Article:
KARACHI: Pakistani journalists have been facing grave security threats, especially in conflict areas, and all stakeholders should take efforts to improve safety of reporters, a prerequisite for press freedom, said speakers on a consultative dialogue on “Conflict Sensitive Reporting in Print Media.
The moot was organized in Karachi by Pakistan Press Foundation (PPF) with support of Search for Common Grounds (SFCG) and Danish International Development Agency (Danida).
The speakers said there is need of devising a carefully written standardized terminology for sensitive words to ensure safety of journalists covering sensitive topics and working in conflict areas. They said that media organizations such as Pakistan Federal Union of Journalists (PFUJ) and Council of Pakistan Newspapers Editors (CPNE) should develop a standardized list of terminology for sensitive words that threaten the safety of journalists.
The speakers said journalists face intense pressure from different groups over the use of words such as shaheed, killed, murdered, etc. They said if a standardized terminology is developed, then these threats to journalists could be reduced.
They said that professional training of journalism can also reduce conflicts and threats and help forming a peaceful society. They said that critical situation in Balochistan and other conflict areas have made reporting next to impossible because of the pressure from different sides such as law enforcement agencies, militants, local administration and political groups.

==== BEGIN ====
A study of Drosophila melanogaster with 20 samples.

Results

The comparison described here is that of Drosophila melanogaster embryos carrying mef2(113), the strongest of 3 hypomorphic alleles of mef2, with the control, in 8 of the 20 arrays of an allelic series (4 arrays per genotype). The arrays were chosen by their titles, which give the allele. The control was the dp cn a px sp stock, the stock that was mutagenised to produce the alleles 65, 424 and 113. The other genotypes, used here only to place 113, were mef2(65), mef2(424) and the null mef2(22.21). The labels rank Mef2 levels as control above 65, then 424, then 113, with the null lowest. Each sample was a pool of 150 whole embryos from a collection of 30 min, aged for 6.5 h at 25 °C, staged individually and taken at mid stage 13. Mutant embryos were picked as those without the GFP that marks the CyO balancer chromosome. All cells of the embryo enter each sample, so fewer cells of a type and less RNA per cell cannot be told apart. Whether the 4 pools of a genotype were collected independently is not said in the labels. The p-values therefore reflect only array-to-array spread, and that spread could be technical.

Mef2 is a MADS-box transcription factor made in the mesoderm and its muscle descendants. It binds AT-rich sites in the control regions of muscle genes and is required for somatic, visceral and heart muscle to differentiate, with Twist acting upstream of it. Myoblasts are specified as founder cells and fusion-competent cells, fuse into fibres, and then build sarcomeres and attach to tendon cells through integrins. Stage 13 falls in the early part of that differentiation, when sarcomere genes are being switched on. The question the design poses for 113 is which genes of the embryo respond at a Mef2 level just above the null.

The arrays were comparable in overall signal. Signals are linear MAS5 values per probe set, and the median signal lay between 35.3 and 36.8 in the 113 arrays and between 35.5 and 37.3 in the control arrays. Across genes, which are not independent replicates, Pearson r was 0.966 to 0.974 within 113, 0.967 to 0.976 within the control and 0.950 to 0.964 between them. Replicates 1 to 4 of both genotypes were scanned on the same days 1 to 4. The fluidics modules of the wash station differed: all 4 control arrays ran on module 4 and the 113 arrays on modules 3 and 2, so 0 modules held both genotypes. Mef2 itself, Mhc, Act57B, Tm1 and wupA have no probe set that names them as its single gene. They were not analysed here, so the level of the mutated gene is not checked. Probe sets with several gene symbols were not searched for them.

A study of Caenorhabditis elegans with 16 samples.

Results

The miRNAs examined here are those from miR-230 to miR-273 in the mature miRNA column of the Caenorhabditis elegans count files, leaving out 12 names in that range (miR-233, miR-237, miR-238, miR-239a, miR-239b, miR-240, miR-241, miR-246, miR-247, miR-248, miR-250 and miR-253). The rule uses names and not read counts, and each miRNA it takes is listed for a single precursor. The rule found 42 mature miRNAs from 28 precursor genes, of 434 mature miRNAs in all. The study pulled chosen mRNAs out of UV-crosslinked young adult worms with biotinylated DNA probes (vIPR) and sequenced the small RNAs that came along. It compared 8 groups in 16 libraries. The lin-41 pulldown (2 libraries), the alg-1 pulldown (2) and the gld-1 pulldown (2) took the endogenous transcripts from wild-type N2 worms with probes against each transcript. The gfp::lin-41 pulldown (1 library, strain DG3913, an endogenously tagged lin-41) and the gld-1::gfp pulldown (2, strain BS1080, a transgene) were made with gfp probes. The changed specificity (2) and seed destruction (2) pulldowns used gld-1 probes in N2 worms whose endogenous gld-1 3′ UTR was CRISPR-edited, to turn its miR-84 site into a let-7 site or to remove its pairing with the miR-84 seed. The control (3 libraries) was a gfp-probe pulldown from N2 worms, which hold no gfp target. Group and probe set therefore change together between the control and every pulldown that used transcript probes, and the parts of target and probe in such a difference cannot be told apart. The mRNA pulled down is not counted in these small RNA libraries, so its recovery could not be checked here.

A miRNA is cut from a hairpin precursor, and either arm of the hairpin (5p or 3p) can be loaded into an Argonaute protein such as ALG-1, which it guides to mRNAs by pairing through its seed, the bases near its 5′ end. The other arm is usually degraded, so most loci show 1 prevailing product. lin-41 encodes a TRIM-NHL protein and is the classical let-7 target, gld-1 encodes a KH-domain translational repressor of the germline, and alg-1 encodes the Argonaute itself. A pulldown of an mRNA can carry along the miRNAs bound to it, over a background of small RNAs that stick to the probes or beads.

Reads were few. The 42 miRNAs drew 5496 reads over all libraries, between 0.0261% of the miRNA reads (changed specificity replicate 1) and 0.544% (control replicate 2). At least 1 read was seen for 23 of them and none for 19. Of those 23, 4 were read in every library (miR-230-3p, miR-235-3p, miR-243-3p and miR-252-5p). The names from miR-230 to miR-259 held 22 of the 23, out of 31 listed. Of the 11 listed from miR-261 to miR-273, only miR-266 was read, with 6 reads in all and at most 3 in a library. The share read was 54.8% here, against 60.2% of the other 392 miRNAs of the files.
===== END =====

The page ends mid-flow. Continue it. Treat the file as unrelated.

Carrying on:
Ramzan Chandio, staff reporter of Daily The Nation from Karachi said that media is biased towards reporting the issues of Balochistan, adding that to avoid conflicts or pressure from different groups, journalists should highlight the suffering of the people living in Balochistan on humanitarian grounds.
Haroon Siraj, staff reporter of Daily The Nation from Swat said that he faced many problems at local level due to reporting on Malala Yousufzai incident, adding that some elements sitting in media organizations do not encourage reporting on stories based on social issues. He told the audience that his father, Sirajuddin, who was associated with Nawa-i-Waqt and The Nation, was killed by Taliban for reporting the facts.
Another journalist Safdar Ali, reporter of Daily Sahab from Sahiwal said that his arm and leg were broken for reporting against drug mafia.
During discussion, the journalists said that besides safety and security issues, they are also facing other issues including non-payment of salaries, non-availability of internet and fax facility, footage sending issues, etc. They also highlighted the issue of lack of support by media organizations to their reporters in case of any conflict or filing of cases against them.
Gonila Gill, reporter of Dunya News from Lahore said that journalists are facing difficulties while reporting as in some cases, real stories are killed due to consideration at the management level.
Secretary General PPF, Owais Aslam Ali said that basic purpose of this consultation is to increase tolerance and promote solution-oriented mindsets in our society. He said that safety is the main issue for journalists working in conflict zones. He said that those who attack or threaten journalists should be given punishment to end the culture of impunity in Pakistan. In this connection, United Nations General Assembly has passed a resolution on the safety of journalists and the issue of impunity and declared 2 November as International Day to End Impunity. He said that a Coalition for Media Safety in Pakistan has been formed to combat impunity.
Trainer and senior journalist, Faysal Aziz Khan, said that there is an ‘understanding issue’ between the desk and out-station reporters (OSRs), which can be improved through proper communication on part of the OSR before starting work on any story. He added that one has to follow the policies of the organizations, and understanding the laws and policies will give clear guidelines for work.
Fiza Hussain of SFCG said that collective efforts will be continued for promoting greater tolerance and creating space for dialogue for peaceful Pakistan.